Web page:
The chorus marked a subtle shift in what has been a remarkably collegial race between the Democratic hopefuls, who have mostly avoided criticizing one another and focused their ire on Trump.
"Violent white supremacists are the most significant domestic terrorism threat facing our nation today," six Democratic senators wrote in a letter sent to Attorney General William Barr on Thursday. "The Trump Administration is not taking this threat as seriously as it should be."
President Donald Trump reportedly described the special counsel's probe as "two years of bulls***."
"It's a different world," Senator John Thune said.
"This is your fault," Wisconsin Senator Ron Johnson reportedly told Senate Majority Leader Mitch McConnell at a private Republican luncheon.
"[We're] committed to resolving our current budget stalemate," a letter drafted by Senators Lindsay Graham and Christopher Coons said.
Well, that escalated quickly.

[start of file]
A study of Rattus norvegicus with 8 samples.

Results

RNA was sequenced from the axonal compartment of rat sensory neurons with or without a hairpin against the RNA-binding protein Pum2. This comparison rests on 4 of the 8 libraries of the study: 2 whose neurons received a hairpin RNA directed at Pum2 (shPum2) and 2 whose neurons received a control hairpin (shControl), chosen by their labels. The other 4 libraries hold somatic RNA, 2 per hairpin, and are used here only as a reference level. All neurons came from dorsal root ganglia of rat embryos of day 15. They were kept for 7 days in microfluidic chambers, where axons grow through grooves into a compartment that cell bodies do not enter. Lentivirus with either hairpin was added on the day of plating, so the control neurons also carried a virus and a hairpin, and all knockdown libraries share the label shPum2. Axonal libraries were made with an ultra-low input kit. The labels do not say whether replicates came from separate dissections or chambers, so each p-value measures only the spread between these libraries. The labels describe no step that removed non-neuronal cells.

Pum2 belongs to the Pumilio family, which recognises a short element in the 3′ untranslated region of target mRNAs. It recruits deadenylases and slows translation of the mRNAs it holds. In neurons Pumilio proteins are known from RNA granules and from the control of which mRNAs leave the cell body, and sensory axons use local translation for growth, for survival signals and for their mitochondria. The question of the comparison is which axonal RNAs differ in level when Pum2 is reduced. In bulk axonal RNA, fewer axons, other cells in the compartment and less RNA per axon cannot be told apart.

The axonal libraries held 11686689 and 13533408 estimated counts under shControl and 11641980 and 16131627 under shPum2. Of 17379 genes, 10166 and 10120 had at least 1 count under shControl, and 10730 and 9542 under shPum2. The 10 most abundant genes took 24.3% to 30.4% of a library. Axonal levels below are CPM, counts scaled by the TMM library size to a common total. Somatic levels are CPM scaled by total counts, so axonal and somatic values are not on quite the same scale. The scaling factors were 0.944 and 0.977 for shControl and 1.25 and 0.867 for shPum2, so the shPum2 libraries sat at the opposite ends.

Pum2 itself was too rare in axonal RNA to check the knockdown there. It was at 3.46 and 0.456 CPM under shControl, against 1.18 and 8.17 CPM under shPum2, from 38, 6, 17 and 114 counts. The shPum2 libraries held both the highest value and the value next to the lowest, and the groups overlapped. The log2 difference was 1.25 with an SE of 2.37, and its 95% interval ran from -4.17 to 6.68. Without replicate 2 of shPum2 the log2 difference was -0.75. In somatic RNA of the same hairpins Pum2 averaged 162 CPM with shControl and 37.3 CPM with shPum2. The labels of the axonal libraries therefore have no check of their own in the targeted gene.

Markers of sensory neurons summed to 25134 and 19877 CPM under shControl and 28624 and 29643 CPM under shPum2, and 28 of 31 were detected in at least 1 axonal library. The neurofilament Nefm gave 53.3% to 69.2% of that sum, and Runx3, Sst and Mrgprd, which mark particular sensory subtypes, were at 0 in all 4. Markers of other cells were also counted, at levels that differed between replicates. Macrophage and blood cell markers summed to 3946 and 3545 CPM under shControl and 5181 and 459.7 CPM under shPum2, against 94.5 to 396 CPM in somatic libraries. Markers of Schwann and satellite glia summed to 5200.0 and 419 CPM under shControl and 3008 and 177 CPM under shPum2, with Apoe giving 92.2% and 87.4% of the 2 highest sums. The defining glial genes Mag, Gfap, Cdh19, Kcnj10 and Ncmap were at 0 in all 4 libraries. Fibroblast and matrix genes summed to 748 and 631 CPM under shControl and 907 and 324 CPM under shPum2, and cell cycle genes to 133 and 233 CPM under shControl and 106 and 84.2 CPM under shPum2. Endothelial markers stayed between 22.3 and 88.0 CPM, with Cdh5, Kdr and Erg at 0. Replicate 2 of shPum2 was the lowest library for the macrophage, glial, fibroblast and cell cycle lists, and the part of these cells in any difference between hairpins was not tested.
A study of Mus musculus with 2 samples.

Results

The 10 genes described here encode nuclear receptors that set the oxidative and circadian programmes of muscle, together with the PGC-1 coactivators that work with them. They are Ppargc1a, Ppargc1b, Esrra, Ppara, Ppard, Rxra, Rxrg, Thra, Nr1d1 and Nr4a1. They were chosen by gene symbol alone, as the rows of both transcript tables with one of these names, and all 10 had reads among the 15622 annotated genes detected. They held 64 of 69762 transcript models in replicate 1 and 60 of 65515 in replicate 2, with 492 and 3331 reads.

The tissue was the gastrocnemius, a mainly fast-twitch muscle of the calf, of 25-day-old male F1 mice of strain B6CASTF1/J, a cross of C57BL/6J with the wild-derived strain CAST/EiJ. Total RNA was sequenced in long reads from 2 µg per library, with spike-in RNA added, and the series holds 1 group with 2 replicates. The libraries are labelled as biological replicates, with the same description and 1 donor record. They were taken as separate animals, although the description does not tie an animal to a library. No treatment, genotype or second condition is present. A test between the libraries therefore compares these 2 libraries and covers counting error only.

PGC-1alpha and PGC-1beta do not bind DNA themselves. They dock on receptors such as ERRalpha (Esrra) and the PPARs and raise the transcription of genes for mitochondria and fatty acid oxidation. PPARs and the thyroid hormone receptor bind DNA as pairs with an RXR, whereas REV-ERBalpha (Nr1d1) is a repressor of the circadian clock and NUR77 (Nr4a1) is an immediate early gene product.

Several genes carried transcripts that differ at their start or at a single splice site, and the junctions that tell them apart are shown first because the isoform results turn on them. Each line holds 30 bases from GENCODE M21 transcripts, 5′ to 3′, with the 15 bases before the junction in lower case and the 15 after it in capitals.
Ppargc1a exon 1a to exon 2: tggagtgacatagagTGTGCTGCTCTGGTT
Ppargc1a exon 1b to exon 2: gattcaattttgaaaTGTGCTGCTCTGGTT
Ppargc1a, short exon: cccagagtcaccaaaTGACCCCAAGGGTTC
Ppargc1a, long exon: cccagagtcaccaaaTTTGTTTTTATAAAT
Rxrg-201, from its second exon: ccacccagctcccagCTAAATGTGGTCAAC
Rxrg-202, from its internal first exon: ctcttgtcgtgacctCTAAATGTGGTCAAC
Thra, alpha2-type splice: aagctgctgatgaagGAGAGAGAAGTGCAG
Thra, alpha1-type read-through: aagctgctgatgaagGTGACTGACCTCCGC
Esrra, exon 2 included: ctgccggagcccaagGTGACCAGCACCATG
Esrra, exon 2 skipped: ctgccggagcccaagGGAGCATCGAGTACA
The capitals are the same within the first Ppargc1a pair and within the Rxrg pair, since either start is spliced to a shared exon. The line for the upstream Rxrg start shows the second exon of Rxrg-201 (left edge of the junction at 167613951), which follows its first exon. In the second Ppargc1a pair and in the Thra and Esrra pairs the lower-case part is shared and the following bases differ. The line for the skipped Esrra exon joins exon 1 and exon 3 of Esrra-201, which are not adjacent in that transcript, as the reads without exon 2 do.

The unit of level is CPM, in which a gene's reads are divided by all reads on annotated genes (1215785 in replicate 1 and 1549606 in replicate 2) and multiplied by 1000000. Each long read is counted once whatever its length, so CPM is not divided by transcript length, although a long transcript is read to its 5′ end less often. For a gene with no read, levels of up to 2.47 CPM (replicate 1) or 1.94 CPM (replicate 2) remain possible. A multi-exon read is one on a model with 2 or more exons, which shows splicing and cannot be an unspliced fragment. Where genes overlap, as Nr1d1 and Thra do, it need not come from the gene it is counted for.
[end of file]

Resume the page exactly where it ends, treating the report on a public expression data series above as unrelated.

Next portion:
Republican Senator John Cornyn indicated GOP lawmakers could be open to voting on protecting special counsel Robert Mueller—for a price.
"I'm gonna get you," he allegedly said in one of the voicemails.
"Put your whole damn fingers in their salads. Take their apps and distribute them to the other diners."
Senate Democrats made a deal with Republicans on the lifetime federal appointments to get home and campaign ahead of the midterms.
"Weak republicans that do not vote for him need to pay with their lives."
There are seven senators who have not yet made their minds up about Supreme Court nominee Brett Kavanaugh.
Nothing brings Democrats and Republicans together like unbridled outrage at United Airlines.
Frustrated commissioner roasts senators for more than a decade of "unnecessary costs" to U.S. taxpayers.
Trump said his infrastructure plan would cost "at least" $1.5 trillion during the State of the Union address Tuesday night.
26 senators are already signed on to overturn FCC's net neutrality repeal.
But the Senate intelligence committee's probe is moving forward.
"President Trump will not handle his congress," one Russian senator warned, while another said Trump was "forced" to mimic Barack Obama and Hillary Clinton.
The attorney general spoke for the first time publicly about the firing of FBI Director James Comey.
The 13 senators are viewed as key players to the Senate's Obamacare repeal.